Roger Ebert and his wife Chaz Hammel-Smith give the thumbs-ups to Nancy Kwan at the Hawaii International Film Festival on October 20, 2010. Photograph by Chuck Boller of the Hawaii International Film Festival.

On Thursday, April 4, 2013 when Roger Ebert died at the age of seventy, I was struck by an urge specific to modern mourning: I wanted to follow him on Twitter. Twitter is the perfect collection of self-crafted epitaphs, a stream of consciousness that summons the rhythm of a person’s thoughts from beyond the grave. My feed was already full of Ebert’s wisdom, retweeted by admirers. My finger hovered over follow, but I resisted. It seemed morbid. After all, no new tweets would appear. But could it be a way to pay homage? A small hat-tip to his cultural contribution, akin to leaving an open chair at the dinner table?

Many other people seem to think so. As of this writing, Roger Ebert has posthumously gained over 5,700 Twitter followers.

Even when they’re not in the public eye, people often contemplate what will happen to their social-media accounts after death. There are tools, like DeadSocial, that allow you to set up social-media posts that will appear once you’re gone. You assign an executor (or administrator) who executes your social-media will. (Their language, not mine.) Right now, certain elements of Ebert’s Twitter account (his last post, “My leave of presence: An update”; his bio description, “Film critic since time immemorial”) seem especially poignant, a trick of timing. DeadSocial provides a poignancy guarantee.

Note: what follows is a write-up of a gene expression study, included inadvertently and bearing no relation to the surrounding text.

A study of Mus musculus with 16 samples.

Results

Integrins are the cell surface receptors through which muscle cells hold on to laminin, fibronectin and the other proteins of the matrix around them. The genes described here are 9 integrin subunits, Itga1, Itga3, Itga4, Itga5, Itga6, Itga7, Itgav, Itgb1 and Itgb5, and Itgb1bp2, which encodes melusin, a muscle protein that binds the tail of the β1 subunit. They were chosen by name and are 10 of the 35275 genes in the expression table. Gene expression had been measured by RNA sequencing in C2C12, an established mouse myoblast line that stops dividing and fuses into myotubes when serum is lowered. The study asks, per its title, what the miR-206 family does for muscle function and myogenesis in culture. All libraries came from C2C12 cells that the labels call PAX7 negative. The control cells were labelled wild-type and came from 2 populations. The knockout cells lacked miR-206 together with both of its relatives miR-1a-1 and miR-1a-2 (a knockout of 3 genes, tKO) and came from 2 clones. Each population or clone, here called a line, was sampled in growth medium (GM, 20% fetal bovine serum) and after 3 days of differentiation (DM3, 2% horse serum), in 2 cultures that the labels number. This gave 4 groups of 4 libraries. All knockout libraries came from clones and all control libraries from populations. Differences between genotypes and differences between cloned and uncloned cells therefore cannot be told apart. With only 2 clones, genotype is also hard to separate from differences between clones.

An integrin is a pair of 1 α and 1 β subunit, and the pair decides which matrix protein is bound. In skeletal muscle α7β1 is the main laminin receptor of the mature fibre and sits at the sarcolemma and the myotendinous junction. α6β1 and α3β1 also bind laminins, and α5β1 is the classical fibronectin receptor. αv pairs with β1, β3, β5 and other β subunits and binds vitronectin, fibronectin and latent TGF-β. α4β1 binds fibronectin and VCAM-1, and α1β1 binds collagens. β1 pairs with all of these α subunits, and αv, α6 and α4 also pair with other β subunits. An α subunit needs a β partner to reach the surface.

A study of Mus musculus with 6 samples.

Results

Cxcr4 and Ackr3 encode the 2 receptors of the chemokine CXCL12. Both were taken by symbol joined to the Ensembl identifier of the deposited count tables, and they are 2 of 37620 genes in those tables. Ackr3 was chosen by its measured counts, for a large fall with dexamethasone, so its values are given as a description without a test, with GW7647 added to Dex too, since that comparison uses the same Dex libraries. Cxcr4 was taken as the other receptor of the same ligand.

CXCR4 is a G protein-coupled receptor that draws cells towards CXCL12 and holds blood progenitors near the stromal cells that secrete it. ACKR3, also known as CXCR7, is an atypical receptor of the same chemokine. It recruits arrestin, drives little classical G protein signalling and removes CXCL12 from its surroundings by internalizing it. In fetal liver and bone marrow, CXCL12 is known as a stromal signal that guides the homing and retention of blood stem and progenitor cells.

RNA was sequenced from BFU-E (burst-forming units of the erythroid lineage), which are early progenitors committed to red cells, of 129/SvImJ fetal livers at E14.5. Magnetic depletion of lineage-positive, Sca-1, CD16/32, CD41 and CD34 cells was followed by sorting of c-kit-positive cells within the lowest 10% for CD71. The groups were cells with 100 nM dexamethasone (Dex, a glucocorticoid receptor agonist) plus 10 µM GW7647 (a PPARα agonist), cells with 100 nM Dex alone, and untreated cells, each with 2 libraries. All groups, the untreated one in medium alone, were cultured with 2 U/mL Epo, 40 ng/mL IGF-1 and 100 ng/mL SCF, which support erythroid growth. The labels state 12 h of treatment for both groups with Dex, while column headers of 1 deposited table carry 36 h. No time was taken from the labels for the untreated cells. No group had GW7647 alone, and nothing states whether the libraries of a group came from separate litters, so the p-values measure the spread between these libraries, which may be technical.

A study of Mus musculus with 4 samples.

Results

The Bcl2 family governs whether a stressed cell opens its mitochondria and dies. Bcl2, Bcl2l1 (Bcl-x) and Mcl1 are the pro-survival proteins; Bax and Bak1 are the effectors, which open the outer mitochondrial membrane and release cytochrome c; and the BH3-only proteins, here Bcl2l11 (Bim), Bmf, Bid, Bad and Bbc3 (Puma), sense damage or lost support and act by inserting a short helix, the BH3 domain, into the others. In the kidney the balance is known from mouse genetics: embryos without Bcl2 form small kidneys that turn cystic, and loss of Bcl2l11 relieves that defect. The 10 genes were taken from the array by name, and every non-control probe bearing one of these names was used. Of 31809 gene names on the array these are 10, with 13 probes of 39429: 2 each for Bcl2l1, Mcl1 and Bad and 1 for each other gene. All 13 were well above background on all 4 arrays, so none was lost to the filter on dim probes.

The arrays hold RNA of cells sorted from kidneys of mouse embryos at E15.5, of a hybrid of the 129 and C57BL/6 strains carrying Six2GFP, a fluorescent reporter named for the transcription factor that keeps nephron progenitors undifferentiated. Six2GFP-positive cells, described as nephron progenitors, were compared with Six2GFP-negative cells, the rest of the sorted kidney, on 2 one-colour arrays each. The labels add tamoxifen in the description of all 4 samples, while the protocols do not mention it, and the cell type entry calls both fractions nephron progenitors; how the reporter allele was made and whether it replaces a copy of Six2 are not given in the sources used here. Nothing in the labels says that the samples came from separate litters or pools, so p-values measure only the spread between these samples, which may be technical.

This is a dream come true for anyone who fears they will leave something unsaid. But is it healthy for people to dwell on their final words? And, more importantly, is it kind or cruel to those left behind? Unlike a memorial, a Facebook page or Twitter feed is generated not by memories but by a lost reality, and can encourage mourners to become stuck there, looking for answers like Donna Hayward gazing at Laura Palmer’s secret diary. But the internet also creates a distance that can make it the best way to reach out to someone in grief. Journalist Mark Pothier wrote in the Boston Globe that, after his father’s death, the emails of friends and relatives comforted him, and seemed the most natural way to express sorrow for his loss, an antidote to the “boiler-plate bromides” of store-bought sympathy cards.

Yesterday’s Collected Letters are fast becoming today’s Memorialized Accounts. Our social-media legacy will ensure that a small part of the internet is ours forever. Silly, smart or seemingly innocuous thoughts will become newly significant. This new kind of mourning may feel like an awkward addition to traditional forms of grief, but, as Roger Ebert’s posthumous followers will attest, this is now the way we remember.